Date of the meeting: 24 April 2019

Attendees: nine out of ten members of the NBU Monetary Policy Committee (MPC):

  • Yakiv Smolii - Governor of the National Bank of Ukraine
  • Kateryna Rozhkova - First Deputy Governor
  • Roman Borysenko - Deputy Governor
  • Dmytro Sologub - Deputy Governor
  • Sergii Kholod - Deputy Governor
  • Oleg Churiy - Deputy Governor
  • Sergiy Nikolaychuk - Director of the Monetary Policy and Economic Analysis Department
  • Yurii Polovniov - Director of the Statistics and Reporting Department
  • Serhii Ponomarenko - Director of the Open Market Operations Department

During the discussion, eight of the MPC members proposed to cut the key policy rate by 0.5 pp to 17.5%, while one member advocated maintaining the key policy rate at the current level (18.0%).

Macroeconomic prerequisites for launching a cycle of monetary policy easing have been met, all of the MPC members pointed out. The decrease in inflation is a sustainable trend and is in line with the NBU’s projection. At the same time, the elections did not pose an impediment to positive developments in the financial market and inflation expectations. The inflow of foreign capital into government securities accelerated significantly. Coupled with favorable price conditions for Ukrainian goods in external markets and sustained export revenues, this strengthened the hryvnia.

The key policy rate cut is in line with the vision of future monetary policy the NBU declared when it made its previous decisions. More specifically, the NBU has previously said that a sustainable slowdown in inflation towards the target and an improvement in inflation expectations were the necessary prerequisites for a monetary policy easing. Postponing the key policy rate cut could cause economic imbalances to accumulate. More specifically, delays would drive a significant inflow of short-term capital and an increase in the current account deficit. By contrast, the launch of the cycle of monetary policy easing will raise the attractiveness of longer-term government securities.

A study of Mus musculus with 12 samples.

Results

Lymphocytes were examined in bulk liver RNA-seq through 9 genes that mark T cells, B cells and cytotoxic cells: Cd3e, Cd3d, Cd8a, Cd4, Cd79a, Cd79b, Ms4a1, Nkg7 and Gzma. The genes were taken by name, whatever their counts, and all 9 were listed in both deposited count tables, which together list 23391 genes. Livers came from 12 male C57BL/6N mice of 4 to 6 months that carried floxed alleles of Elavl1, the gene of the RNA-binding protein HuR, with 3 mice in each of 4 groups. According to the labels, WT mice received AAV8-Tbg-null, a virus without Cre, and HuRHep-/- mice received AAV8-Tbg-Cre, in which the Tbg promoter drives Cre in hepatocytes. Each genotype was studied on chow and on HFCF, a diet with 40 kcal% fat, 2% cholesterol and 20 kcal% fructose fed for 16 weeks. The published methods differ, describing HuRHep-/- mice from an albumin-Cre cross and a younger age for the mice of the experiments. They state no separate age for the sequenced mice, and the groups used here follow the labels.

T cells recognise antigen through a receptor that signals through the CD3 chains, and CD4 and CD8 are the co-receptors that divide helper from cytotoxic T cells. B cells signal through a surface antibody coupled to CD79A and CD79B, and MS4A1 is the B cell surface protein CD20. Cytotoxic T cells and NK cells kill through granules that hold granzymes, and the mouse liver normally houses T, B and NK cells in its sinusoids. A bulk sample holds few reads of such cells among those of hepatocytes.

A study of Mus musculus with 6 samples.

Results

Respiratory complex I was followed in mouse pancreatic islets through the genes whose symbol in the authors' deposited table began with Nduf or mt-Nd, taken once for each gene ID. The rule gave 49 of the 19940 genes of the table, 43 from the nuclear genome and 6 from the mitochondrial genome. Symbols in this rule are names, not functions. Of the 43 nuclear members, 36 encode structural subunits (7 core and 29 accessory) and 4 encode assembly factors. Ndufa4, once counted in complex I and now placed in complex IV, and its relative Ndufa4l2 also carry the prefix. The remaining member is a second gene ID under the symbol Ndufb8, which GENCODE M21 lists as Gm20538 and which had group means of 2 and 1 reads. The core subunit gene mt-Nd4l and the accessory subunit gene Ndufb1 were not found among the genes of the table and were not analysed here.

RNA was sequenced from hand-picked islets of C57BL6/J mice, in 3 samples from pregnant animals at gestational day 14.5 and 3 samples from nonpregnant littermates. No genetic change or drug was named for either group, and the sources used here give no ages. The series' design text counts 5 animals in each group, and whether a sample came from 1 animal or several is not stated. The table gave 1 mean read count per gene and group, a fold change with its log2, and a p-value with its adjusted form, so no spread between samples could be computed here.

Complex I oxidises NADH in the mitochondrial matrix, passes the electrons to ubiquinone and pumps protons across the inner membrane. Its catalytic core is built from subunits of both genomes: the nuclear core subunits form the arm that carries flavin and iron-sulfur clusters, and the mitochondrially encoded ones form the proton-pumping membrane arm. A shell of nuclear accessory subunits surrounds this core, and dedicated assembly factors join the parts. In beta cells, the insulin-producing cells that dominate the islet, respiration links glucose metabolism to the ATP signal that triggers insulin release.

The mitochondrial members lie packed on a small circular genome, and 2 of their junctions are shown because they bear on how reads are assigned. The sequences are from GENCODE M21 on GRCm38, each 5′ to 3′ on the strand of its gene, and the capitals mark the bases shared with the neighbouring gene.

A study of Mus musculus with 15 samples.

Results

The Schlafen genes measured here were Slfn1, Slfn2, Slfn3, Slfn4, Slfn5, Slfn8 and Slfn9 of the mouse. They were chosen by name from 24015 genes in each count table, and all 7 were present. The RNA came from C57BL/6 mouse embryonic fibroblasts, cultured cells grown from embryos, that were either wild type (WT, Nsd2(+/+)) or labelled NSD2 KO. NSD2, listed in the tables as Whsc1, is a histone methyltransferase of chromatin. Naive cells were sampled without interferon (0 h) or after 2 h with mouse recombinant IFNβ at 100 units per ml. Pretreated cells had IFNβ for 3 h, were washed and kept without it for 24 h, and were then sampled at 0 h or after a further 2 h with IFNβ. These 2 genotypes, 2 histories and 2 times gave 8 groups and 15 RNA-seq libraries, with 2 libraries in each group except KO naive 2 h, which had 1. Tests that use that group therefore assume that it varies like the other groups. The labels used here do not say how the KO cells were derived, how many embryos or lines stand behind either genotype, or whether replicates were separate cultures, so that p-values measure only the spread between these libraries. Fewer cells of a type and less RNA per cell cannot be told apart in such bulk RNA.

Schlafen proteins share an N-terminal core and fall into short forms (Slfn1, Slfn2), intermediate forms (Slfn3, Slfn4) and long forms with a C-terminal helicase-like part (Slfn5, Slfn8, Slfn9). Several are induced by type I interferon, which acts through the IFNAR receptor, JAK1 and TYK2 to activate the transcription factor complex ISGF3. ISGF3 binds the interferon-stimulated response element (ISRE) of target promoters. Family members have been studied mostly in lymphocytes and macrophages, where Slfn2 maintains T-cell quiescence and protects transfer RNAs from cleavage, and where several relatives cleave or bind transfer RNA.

At the same time, the gradual reduction of the key policy rate will keep its real value sufficiently high to make monetary policy tight enough for inflation to slow.

Along with that, there are new significant risks, the MPC members pointed out. Recent lawsuits and court rulings that call into question the measures to ensure the stability, transparency, and efficiency of the banking system create threats to the overall financial stability. In addition, political uncertainty continues to put the NBU’s independence at risk. The central bank’s independence is at the core of increasing the confidence of businesses and the public in the NBU’s monetary policy and banking supervision decisions.

Should they materialize, the risks noted above would have large-scale implications, as they threaten to cut off support from international partners and make it harder for Ukraine to access financial resources to make public debt repayments set to peak this year.

Materialization of these risks is treated as force majeure and, as such, is not part of the baseline macroeconomic scenario that provides for a gradual monetary policy easing, eight of the MPC members argued.

But if the probability of these risks increases, the NBU will have to respond accordingly, including through monetary instruments.

By contrast, one MPC member said that the key policy rate should be kept at its current level (18.0%). It is premature to launch the monetary policy easing amid risks to financial stability, the MPC member argued.

The decision to set the key policy rate at 17.5% per annum was approved by the NBU Board at the monetary policy meeting held on 25 April 2019.

For reference:

The Monetary Policy Committee (MPC) is the NBU’s advisory body that was created to share information and opinions on monetary policy formulation and implementation in order to deliver price stability. The MPC comprises the NBU Governor, other NBU Board members, and directors of the Monetary Policy and Economic Analysis, Open Market Operations, Financial Stability, and Statistics and Reporting Departments. The MPC meets the day before the NBU Board meeting on monetary policy issues. Decisions on monetary policy issues are made by the NBU Board.